16th August 2005 · Last updated: 5th October 2016
I started on a project using Adobe InDesign CS2 today. Here's a sample of two styles of bar chart I came up with. I'm especially pleased with the left chart as the gradient around the edge was not intended! It was one of those moments when you do something cool in a program but you can't say how it happened at the time. A genuine mistake, but worthy of keeping. Some of the best things you do can happen that way. (Ask Radiohead — their classic broken guitar riff in Creep was apparently an accident.)
Next I'd like to show you something I made when learning how to use the program. With much delight I discovered the glyphs window, which basically gives you all those unusual characters that include joined letters and other shapes. Look at the image below and see how many glyphs you can spot. Then click on the image to see them highlighted.
InDesign has undoubtedly restored my interest in typography — I just bought a book full of superb logos and how to make them. The last time I studied typography, letters were set in metal by hand! Apple had just brought out their first Mac I think, but its monotone pixelful screen did not interest me at the time. Drawing by hand was still the way to go. But before I get carried away, back to InDesign. What surprised me is how much power it has in comparison to HTML, or Word. It's designed for creating artwork for printing (via high-quality PDFs) with many more features than anything we can presently do with CSS. (It's actually quite depressing. The web is still so primitive!) Features such as these:
- Limitless fonts (or typefaces as they really should be called)
- Forget italic and bold as the only real choices for web fonts. InDesign can slant lettering at a vast range of angles as you see fit. It also comes with fonts which offer not just normal and bold, but a list of weights, such as semi-bold and black. Ah, my memories of Letraset typeface books are returning!
- In Word and HTML you can justify text left, right, centred or fully. InDesign has four more settings for dealing with things like columns and orphans.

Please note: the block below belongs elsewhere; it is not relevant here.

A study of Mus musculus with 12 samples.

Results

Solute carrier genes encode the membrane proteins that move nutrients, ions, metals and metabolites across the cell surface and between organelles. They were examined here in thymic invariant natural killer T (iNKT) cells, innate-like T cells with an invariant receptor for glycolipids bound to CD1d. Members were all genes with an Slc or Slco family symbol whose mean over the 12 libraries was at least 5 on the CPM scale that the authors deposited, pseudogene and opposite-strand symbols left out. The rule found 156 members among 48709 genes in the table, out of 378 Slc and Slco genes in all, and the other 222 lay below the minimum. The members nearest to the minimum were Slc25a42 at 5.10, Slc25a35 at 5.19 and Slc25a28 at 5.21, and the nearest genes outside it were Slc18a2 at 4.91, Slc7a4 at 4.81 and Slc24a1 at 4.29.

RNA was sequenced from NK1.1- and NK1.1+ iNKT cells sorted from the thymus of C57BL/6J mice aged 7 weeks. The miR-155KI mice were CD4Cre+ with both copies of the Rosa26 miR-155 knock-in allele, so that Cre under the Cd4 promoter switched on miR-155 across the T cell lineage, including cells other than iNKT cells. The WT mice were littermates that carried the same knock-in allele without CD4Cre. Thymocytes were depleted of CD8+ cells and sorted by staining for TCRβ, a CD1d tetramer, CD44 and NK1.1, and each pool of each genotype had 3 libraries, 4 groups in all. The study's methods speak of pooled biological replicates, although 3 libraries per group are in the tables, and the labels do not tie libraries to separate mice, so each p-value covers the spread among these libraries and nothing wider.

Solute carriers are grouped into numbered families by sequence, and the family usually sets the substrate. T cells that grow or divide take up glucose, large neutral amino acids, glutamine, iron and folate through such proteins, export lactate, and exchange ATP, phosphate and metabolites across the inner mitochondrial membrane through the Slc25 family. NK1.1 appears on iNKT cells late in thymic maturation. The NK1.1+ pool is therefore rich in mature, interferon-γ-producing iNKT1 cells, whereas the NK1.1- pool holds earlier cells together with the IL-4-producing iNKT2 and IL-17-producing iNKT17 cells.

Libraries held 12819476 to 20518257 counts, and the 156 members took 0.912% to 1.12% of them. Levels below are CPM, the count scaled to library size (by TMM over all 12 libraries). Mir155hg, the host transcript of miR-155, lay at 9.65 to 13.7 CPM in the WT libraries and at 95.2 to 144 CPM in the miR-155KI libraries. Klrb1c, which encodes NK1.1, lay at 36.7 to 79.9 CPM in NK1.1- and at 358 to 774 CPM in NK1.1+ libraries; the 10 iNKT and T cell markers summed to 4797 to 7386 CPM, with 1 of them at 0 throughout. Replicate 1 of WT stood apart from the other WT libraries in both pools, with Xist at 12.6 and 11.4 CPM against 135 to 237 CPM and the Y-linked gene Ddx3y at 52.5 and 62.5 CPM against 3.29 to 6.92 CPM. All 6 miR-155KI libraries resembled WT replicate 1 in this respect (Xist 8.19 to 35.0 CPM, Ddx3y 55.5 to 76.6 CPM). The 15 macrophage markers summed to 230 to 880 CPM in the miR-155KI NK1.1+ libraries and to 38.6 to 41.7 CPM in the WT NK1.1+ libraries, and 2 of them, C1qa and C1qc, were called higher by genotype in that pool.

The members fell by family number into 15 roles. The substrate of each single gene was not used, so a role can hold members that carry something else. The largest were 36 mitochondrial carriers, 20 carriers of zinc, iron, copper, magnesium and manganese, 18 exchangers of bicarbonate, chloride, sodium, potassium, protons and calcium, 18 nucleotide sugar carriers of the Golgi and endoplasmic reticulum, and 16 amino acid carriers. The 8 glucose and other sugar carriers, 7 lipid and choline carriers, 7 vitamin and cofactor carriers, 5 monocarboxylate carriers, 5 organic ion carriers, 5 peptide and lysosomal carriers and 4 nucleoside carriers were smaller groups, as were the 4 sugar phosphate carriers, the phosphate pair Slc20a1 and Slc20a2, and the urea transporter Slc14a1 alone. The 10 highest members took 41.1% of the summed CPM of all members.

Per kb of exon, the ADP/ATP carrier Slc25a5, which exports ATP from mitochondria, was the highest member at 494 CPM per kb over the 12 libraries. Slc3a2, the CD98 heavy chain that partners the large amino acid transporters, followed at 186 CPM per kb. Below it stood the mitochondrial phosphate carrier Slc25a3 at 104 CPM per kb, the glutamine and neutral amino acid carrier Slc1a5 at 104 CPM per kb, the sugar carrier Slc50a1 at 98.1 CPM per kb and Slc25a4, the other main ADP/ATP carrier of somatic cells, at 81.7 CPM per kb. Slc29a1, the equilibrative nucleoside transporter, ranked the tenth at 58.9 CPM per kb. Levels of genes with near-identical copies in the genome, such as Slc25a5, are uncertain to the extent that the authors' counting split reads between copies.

- Kerning is just one example of how you can improve text in a design. It lets you finely adjust the spaces between each letter. CSS does have
letter-spacingbut it's pretty crude by comparison.
- Drop-caps, as you can see in the glyphs example, are very easy to create.
There's a lot more, but I can't remember it all right now. I don't know how InDesign compares to Quark and other publishing packages, but it seems pretty extensive. Best of all, it has a typical Adobe interface, meaning if you've ever used Photoshop or another Adobe program, you'll find a lot of it works in the same way. I do have some niggles though:
- It takes ages to load! (No flames please, it's just a fact. About twice as long as any other program I use. The splash screen is there for several seconds, and even when it disappears, you're left looking at empty toolbars for a few seconds before the program becomes usable.)
- I know it's down to the way Adobe programs allow parts of them to be removed and added for easy maintenance, but I don't like the way selecting something in a list of properties makes you wait seconds for the window to be populated. It looks like drop-down menus and text are being loaded into the program on demand, or being heavily uncompressed. I wouldn't be surprised if they're all in XML.
- Likewise, the Help menu does nothing for a couple of seconds before it appears. There are obviously parts of it that have to be loaded into place first, but this looks bad on today's mega-fast computers.
- Columns could do with an easy way to add a central line between them. (If there's a way, let me know.)
I could go on, but it would be nitpicking. All the above niggles are worth enduring as InDesign's clearly a very useful program, with tons of options. You have to admire Adobe for it. I just hope I don't find any showstopper bugs (there's always one hiding somewhere in every program!). Well I hope you enjoy the samples I showed you above. InDesign rocks.